Ecclesiastical Law Association

Ecclesiastical Law Association

Judgments: Windows


This was an application for a faculty to install a stained glass window in the Grade II church in memory of the late husband of the church organist. The deceased had been a farmer, and the design (recommended by the Diocesan Advisory Committee) included "two doves and an owl, a small figure in silhouette, possibly sowing in a broadcast fashion, and a donkey and rabbit, with a tree in leaf and on the branches the words: ‘Lord make me an instrument of your peace, where there is hatred let me sow love’". The Church Buildings Council was of the opinion that this design would not sit well with the other stained glass windows, depicting single figures in a more traditional design. However, the Chancellor determined to grant a faculty. There was a memorial inscription on the proposed window. The Chancellor did not consider that he had to treat an application for a memorial window in the same way as an application for a memorial in church (i.e., the deceased had made some outstanding contribution to the life of the church, the community or the nation).

The proposal was to replace an existing plain glass window with a stained glass design depicting St. John the Evangelist in the left hand light and St. George in the right hand light. The window would be a gift to the church from the Rt. Hon. Lord Waddington GCVO, and an inscription at the base of one of the lights would state that it was a  gift to the church from him. The Church Buildings Council raised various concerns, one of which was that there was a general principle that living donors should not be commemorated in stained glass or other church artworks. Whilst recognising such a generally accepted principle, the Deputy Chancellor stated that it was possible to allow exceptions. In the present case the donor was a 'son of the village', and had held office as Home Secretary and as Governor of Bermuda. A Faculty was granted.

The Diocesan Advisory Committee recommended that the restoration of two windows at the east end of the church should be carried out by a stained glass contractor accredited by ICON (Institute of Conservation). The Parochial Church Council wished to engage a contractor who had previously carried out work at the church but was not so accredited. The Deputy Chancellor: " ... it would be unjudicial of me blindly to apply a blanket requirement for the ICON accreditation of contractors ... [the chosen contractor] clearly has a significant number of years experience working on similar projects to the acclaim of well respected professionals. He has considered and addressed concerns raised by the CBC and is clearly sympathetic to conservation concerns and the need to preserve originality where possible." Faculty granted.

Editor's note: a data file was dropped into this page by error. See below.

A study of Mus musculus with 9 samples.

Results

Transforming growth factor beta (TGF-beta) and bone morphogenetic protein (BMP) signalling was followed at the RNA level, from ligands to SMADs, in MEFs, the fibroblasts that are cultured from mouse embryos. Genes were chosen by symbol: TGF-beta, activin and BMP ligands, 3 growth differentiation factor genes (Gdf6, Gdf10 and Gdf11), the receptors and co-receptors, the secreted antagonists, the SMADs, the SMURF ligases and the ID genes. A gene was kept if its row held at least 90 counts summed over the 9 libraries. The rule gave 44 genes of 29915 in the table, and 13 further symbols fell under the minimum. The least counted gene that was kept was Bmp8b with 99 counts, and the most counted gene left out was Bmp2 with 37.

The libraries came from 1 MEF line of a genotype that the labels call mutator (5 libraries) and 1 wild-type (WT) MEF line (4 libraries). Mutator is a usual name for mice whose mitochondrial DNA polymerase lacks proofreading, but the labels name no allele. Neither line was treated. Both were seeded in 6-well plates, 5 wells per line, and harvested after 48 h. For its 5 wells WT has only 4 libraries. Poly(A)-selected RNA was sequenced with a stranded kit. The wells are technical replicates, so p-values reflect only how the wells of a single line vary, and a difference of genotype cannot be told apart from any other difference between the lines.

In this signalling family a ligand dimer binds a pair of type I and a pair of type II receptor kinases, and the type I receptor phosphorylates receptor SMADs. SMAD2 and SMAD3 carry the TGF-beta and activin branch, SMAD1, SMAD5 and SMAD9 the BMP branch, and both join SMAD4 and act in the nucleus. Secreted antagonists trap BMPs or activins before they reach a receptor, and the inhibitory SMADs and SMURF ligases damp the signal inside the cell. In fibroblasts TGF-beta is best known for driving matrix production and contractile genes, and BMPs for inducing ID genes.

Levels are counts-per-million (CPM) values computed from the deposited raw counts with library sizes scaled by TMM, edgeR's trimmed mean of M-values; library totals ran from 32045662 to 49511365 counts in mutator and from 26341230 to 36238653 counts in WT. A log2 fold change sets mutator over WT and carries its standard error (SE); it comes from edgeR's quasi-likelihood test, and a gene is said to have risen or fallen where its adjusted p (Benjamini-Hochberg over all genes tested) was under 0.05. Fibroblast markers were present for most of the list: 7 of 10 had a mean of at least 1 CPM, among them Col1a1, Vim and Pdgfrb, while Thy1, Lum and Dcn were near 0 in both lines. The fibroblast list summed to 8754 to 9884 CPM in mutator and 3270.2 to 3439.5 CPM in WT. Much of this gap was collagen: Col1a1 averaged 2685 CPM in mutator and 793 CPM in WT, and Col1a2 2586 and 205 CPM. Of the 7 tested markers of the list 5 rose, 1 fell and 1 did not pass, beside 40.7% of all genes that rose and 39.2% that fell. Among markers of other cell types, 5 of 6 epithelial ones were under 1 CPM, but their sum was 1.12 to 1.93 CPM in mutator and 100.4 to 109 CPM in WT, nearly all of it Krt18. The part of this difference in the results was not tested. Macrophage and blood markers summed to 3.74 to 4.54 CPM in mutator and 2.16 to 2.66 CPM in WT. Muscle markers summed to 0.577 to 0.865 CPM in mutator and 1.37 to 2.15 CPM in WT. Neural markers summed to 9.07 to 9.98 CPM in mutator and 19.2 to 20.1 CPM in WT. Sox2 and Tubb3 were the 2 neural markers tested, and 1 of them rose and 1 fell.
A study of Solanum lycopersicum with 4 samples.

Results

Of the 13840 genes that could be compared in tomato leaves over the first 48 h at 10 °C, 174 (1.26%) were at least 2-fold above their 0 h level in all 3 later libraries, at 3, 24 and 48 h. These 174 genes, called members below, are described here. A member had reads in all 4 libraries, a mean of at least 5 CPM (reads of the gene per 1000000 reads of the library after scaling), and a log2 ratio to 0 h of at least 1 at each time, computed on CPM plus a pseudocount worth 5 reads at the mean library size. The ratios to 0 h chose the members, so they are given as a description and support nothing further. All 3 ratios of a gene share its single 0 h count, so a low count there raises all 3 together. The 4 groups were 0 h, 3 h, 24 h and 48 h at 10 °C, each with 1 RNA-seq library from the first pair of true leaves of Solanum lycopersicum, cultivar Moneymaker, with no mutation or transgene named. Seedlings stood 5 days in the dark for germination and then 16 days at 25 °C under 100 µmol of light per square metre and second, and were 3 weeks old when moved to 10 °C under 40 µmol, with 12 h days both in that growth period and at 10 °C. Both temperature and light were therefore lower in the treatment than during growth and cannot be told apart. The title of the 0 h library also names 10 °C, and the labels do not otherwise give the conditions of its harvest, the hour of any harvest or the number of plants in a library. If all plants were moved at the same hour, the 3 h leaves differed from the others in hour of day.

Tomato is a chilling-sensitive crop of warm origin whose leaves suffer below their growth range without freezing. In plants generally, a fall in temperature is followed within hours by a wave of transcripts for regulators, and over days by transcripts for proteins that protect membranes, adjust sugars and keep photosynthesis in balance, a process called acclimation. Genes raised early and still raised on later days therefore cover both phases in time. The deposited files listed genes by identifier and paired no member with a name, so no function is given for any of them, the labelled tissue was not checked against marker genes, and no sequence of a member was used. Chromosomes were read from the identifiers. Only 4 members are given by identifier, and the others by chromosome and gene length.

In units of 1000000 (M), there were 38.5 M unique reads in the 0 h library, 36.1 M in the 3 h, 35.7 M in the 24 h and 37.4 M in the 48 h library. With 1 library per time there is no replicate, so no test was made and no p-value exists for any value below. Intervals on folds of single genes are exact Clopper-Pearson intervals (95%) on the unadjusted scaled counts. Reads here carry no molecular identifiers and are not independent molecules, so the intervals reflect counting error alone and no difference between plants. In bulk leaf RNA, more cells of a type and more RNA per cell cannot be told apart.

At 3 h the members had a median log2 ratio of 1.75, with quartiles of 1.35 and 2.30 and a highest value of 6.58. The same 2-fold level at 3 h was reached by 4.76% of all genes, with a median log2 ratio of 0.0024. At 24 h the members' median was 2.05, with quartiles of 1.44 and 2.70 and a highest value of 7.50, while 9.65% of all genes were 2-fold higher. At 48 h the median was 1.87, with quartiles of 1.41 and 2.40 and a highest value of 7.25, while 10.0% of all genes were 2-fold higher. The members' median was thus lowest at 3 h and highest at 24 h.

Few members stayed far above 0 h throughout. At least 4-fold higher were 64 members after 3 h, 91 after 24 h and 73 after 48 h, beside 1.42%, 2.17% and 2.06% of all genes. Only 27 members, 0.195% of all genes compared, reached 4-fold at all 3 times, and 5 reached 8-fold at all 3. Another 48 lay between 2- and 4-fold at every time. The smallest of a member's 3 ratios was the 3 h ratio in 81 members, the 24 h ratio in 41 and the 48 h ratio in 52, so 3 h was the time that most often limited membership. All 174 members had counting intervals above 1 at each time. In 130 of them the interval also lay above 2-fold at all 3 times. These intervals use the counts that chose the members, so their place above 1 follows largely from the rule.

Petition for installation of secondary glazing in a Grade II church building no longer used as a church, but as a community hall. Re St. Alkmund Duffield considered. Faculty granted.

The Deputy Chancellor granted a faculty for the introduction of a new single lancet stained glass window, to replace an existing plain glass window, in commemoration of the church's 300 years anniversary in 2016 and in memory of the son of the donors of the window, being satisfied that both the design and the memorial inscriptions were appropriate; that the new window would complement an existing modern stained glass window within the same north elevation of the church; and that it would not result in any harm to the significance of the Grade II church as a building of special architectural or historic interest.

In July 2013 the Chancellor granted of a faculty authorising works in respect of the stonework, stained glass, and wall paintings at the church. The Church Buildings Council had advised against the proposed work to the stained glass without a detailed conservation report. The faculty granted in July 2013 was subject to a condition that no work should be carried out to the stained glass unless and until a report was first prepared and approved by the Chancellor. A report had now been produced, in which the options given were to replace the broken pieces of glass with similar modern glass, or to insert strapping to support the original damaged glass. The Chancellor decided that the former option was appropriate. The window concerned was one of four matching windows, and new pieces of glass would retain an appearance similar to the other windows, whereas strapping would detract from the appearance of the window, especially as it was part of a set.

The Petitioners sought a faculty for repairs to the stone work, together with repairs to the stained glass and works of conservation in relation to the wall paintings. The Diocesan Advisory Committee recommended the proposals and the Victorian Society had no objection. The Church Buildings Council advised against the proposed work to the stained glass without a detailed conservation report. The Chancellor granted a faculty subject to a condition that no work should be carried out to the stained glass (in a window damaged by missiles from outside) unless and until a report was first prepared and approved by the Chancellor.

Faculty granted for polycarbonate window guards, notwithstanding that the Diocesan Advisory Committee had not recommended them, but had recommended wire mesh guards instead.

Medieval tracery and stained glass forming the east window of the church had been removed in the 1880s, due to subsidence. New tracery and stained glass were installed. The old glass and tracery were placed in storage. In 1975 the tracery was laid out near the replacement east window and the glass was given on loan to the Stained Glass Museum at Ely.The Vicar and Churchwardens now sought a faculty to convert the loan of the glass to a gift. Re St Lawrence Oakley with Wootton St. Lawrence [2014] Court of Arches considered. Faculty granted.